What are The Symptoms and Treatment For Dog Pinworms? Tips and Suggestion

August 3, 2011 | Dog Diseases | Leave a Comment |

Dog Pinworms

  • Dogs are among the best carriers of pinworm eggs, which can move easily from one dog to another.
  • Once a dog is diagnosed to have pinworms, it is likely that the whole household will be treated with anthelmintic medications because the parasites are highly contagious and persistent. The contagion can occur from dogs to humans and vice-versa.
  • Female pinworms can measure as long as two to three millimeters while the male parasites are three times longer. The female parasites find their way into the anal area in the evening to lay thousands of eggs, thereby, causing severe itchiness in this region of the dog’s body.
  • There are many species of pinworms, however, the ones that cause pinworms in dogs are not the same as the ones that cause pinworms in humans.

Symptoms

Pinworms are common in crowded facilities and more prevalent in dogs and children. Their color is pearly white. Besides continuous itchiness in the anal area, other symptoms of pinworms include:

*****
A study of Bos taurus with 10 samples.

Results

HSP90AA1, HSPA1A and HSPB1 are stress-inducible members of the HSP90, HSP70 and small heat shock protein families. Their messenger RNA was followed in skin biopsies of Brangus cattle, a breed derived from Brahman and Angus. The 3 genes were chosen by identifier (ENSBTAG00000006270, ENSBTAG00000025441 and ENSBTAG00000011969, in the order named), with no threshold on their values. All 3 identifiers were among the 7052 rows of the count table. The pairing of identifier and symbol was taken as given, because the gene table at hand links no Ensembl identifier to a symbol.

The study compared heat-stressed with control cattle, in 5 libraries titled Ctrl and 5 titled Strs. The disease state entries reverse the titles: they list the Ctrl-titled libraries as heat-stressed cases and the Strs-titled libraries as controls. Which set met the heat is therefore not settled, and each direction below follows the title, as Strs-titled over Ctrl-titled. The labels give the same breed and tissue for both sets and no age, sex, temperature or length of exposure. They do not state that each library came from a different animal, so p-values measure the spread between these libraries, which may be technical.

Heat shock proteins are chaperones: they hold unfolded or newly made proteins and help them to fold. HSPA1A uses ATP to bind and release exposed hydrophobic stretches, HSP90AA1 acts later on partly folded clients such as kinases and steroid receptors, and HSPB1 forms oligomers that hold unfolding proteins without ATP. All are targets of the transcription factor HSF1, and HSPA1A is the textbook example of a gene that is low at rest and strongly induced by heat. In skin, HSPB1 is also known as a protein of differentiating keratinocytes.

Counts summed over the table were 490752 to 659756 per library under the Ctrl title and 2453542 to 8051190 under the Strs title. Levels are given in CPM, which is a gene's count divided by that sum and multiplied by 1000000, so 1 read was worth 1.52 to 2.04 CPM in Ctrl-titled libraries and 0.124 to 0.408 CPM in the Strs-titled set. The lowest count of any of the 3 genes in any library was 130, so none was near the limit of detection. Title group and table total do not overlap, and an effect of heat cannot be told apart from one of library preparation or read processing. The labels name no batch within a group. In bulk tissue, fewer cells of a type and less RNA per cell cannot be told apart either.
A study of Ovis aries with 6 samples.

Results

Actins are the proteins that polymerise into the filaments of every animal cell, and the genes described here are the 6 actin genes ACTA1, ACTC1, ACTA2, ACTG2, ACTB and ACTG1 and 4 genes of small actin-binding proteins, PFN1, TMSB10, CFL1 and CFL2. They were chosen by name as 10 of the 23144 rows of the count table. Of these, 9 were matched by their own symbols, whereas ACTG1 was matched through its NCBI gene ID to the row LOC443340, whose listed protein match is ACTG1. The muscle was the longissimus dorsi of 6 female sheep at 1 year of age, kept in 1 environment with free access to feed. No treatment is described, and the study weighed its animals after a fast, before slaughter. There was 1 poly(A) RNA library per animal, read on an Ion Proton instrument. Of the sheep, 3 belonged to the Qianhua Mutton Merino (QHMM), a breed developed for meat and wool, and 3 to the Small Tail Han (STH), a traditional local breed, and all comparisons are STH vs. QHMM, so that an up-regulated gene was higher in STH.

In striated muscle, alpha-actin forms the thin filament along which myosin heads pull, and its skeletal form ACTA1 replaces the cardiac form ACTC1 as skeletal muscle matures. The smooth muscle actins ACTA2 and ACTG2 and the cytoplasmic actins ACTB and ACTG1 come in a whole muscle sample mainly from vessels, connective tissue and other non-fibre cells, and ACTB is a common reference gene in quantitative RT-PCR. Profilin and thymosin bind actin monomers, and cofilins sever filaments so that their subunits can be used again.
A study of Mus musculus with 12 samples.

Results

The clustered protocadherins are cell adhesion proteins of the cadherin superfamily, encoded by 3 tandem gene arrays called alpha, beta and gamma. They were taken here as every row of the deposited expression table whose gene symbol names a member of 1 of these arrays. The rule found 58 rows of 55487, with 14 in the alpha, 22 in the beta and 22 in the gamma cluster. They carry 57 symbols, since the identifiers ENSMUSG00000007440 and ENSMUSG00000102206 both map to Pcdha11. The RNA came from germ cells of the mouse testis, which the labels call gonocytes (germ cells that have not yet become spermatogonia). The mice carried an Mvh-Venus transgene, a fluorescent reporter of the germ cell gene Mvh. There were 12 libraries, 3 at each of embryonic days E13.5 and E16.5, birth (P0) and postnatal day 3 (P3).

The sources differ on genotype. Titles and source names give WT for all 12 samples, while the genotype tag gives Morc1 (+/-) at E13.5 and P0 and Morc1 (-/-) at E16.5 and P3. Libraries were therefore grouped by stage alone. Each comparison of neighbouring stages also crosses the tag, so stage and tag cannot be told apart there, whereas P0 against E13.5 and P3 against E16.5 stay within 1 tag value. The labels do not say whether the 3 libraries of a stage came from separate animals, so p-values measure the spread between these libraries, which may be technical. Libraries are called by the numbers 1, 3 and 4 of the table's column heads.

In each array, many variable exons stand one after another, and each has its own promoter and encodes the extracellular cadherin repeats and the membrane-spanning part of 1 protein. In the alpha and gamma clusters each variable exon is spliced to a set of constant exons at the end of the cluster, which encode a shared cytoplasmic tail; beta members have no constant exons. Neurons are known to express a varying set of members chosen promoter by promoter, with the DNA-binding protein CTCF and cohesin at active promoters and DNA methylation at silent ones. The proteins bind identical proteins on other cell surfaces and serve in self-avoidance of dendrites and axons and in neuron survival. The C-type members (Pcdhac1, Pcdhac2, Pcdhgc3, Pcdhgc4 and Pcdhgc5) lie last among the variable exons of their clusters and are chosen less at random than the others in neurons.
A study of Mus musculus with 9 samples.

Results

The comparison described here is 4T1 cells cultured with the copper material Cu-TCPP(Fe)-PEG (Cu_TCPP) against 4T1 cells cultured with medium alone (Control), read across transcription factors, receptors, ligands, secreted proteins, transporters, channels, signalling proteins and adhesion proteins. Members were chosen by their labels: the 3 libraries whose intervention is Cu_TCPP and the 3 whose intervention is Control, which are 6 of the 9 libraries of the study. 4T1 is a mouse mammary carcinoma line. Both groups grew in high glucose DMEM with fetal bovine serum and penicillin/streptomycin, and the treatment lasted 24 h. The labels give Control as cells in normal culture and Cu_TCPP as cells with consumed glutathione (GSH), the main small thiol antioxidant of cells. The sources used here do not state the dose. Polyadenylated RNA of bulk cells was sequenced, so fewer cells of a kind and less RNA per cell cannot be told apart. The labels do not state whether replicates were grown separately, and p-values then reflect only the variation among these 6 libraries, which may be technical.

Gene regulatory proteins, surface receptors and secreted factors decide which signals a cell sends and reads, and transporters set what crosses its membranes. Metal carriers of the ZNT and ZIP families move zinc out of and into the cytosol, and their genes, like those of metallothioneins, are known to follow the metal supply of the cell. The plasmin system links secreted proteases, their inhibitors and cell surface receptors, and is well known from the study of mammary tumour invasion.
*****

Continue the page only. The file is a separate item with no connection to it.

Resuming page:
• Stomachache
  • Loss of appetite
  • Nausea
  • Irritability
  • Vomiting
  • White segments in fecal wastes
  • Diarrhea
  • Anemia
  • Sometimes, the appetite is good but the weight still under.
  • Fatigue
  • Behavior problems
  • Irritability

Adult pinworms dwell in the cecal and other areas of the large and small intestines. After the female parasites laid their eggs in the anal part, a part of them appear in the stool of the dog in the morning. Approximately, around 15,000 eggs are laid within a few hours. These eggs are immediately infective and contagious.

In some cases, pinworms are found also in the appendix. In this type of invasion, the appendix is characterized by chronic and acute inflammation.

Treatment

  • The best cure for pinworm is prevention, which can be achieved by maintaining cleanliness in the entire residential area.
    The dog’s toys, bowls, and house should be regularly cleansed with disinfectant. If the dog has its own house outside the main house, it should be cleaned with water regularly. The dogs too should have daily wash or bath.
  • If pet owners cuddle and play with their dogs, washing their hands after the physical contact is recommended.
  • Upon diagnosis of pinworms, the veterinarian shall prescribe medicines to combat and kill the parasites. The medicines today are straightforward and specific. Common medicines include:
    • Dichlorvos. It is phosphate-based insecticide targeting the pinworms’ stomach. It is available in pellets.

Piperazine. This is a liquid medicine for pinworms in dogs.